Soviet Policy Toward Russian Jews Derived from Anti-semitic Attitudes

A British expert on the Soviet Union sought today to explain the contradictions in Soviet policy toward Russian Jews–allowing them to emigrate to Israel in large numbers while at the same time harassing Jews, sentencing some of them to harsh prison terms and waging an anti-Zionist campaign with undertones of anti-Semitism.

Emanuel Litvinoff, editor of the London journal “Jews in Eastern Europe,” addressing the first International Seminar on Soviet Jewish Problems which opened here yesterday, said the explanation for these contradictions lies in the fact that their motivations are often irrational and are derived from anti-Semitic attitudes. Even Jews who are extremely cautious often suffer from them, Litvinoff said. He cautioned that “to see the problem of Soviet Jews exclusively in terms of emigration means evading the real issue which is more complex and extends beyond the frontiers of the USSR.”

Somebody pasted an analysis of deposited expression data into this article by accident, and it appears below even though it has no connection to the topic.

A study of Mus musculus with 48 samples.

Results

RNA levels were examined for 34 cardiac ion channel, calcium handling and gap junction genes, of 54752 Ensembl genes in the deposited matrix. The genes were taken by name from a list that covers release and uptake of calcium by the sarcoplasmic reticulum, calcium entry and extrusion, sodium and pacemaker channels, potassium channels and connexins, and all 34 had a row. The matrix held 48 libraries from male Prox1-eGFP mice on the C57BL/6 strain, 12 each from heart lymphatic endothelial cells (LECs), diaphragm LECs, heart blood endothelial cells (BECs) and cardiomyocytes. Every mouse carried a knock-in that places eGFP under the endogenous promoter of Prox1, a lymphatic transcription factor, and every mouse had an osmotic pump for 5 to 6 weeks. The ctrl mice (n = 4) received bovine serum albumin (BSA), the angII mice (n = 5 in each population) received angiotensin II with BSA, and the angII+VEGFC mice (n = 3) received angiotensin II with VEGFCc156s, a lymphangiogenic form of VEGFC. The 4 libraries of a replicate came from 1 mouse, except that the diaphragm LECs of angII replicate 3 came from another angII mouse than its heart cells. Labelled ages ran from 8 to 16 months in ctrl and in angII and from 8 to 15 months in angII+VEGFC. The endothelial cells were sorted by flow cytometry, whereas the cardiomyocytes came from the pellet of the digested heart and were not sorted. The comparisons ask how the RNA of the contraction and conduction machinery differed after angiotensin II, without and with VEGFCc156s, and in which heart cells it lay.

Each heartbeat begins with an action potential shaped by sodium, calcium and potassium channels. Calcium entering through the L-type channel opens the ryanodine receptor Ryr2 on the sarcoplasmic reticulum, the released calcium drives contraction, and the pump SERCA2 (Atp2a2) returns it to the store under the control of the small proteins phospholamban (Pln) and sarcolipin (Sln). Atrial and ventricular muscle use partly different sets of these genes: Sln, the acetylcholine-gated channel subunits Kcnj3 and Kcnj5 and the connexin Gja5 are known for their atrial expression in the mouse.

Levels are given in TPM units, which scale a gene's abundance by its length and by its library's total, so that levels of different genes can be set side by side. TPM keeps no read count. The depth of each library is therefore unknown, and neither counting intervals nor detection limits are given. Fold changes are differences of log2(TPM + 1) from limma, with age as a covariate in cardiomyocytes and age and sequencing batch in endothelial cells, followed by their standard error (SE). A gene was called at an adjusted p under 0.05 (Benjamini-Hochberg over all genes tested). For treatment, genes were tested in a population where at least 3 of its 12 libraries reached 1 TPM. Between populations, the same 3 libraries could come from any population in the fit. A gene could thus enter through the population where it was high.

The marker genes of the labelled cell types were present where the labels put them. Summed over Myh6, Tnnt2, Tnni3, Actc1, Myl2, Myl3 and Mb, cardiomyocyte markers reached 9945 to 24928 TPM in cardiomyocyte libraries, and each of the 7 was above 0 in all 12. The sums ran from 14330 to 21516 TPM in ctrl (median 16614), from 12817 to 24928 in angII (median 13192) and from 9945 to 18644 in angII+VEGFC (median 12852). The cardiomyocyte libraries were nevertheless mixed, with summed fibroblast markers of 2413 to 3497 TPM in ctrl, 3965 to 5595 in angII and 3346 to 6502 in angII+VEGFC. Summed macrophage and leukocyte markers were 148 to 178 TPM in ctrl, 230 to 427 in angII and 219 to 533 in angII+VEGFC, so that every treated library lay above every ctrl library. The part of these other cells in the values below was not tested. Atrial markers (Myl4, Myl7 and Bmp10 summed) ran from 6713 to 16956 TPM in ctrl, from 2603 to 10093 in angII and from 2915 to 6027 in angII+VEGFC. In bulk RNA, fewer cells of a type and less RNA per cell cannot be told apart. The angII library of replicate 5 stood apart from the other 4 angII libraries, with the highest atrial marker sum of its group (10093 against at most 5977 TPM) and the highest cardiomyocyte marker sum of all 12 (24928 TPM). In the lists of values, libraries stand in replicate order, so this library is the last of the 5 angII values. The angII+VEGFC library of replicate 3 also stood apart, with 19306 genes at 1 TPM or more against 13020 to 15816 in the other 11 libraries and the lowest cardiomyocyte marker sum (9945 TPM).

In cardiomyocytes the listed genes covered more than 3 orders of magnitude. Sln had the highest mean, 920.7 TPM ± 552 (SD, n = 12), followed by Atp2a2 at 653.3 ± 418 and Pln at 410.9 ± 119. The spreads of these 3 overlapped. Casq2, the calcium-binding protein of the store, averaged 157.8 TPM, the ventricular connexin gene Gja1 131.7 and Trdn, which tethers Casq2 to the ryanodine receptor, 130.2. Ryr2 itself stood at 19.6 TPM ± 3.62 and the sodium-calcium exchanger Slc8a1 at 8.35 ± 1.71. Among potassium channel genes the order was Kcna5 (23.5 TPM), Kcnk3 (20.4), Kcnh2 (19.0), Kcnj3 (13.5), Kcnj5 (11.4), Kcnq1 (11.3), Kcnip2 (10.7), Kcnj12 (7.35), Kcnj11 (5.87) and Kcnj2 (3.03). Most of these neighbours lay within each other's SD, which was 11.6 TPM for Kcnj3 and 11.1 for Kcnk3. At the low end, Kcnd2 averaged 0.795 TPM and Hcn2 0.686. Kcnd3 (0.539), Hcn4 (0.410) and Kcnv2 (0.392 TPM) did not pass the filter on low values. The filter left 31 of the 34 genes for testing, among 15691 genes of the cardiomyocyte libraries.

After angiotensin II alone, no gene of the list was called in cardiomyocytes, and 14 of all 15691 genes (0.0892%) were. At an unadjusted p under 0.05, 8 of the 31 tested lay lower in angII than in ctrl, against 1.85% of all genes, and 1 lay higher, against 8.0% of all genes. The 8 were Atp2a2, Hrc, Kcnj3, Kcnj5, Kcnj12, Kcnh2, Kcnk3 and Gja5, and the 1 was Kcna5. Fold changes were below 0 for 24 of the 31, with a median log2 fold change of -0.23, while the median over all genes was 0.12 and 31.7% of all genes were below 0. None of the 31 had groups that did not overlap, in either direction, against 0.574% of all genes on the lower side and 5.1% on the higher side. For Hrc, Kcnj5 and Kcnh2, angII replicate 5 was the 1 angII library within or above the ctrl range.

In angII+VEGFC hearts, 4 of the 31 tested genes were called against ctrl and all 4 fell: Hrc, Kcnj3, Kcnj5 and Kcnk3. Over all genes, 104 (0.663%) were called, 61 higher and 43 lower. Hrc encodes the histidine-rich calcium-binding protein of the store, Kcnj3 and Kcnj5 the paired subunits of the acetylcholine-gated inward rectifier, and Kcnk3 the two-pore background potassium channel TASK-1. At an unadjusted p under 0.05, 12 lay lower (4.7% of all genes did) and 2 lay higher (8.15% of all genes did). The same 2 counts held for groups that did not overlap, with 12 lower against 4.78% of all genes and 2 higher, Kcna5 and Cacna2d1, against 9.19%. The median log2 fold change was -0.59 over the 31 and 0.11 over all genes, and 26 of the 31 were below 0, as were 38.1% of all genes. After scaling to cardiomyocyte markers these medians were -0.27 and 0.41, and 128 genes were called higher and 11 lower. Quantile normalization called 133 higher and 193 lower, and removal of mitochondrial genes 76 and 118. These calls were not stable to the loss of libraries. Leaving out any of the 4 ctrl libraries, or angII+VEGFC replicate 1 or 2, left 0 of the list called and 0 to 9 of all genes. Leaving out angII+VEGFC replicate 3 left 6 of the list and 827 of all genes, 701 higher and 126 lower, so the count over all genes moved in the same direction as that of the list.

The Seminar brought together distinguished European Jews and non-Jews from seven countries. Dr. Sergio Piperno Beer, president of the Association of Italian Jewish communities, who opened the Seminar in the Great Hall of the Rome City Council, stressed the importance of seriousness and objectivity in its “style and purpose.”

Circulated at the Seminar were facsimile copies of a letter from Mrs. Esther Markish, widow of the Jewish writer and poet, Peretz Markish, who was a victim of the Stalin purge of Jewish intellectuals in 1952. The latest appeal by Mrs. Markish and her son, David, for permission to emigrate to Israel was rejected last week by Soviet authorities. In her letter to the Seminar she stated: “that our request to emigrate to Israel has the purpose to immortalize the memory of this Hebrew-Jewish poet.”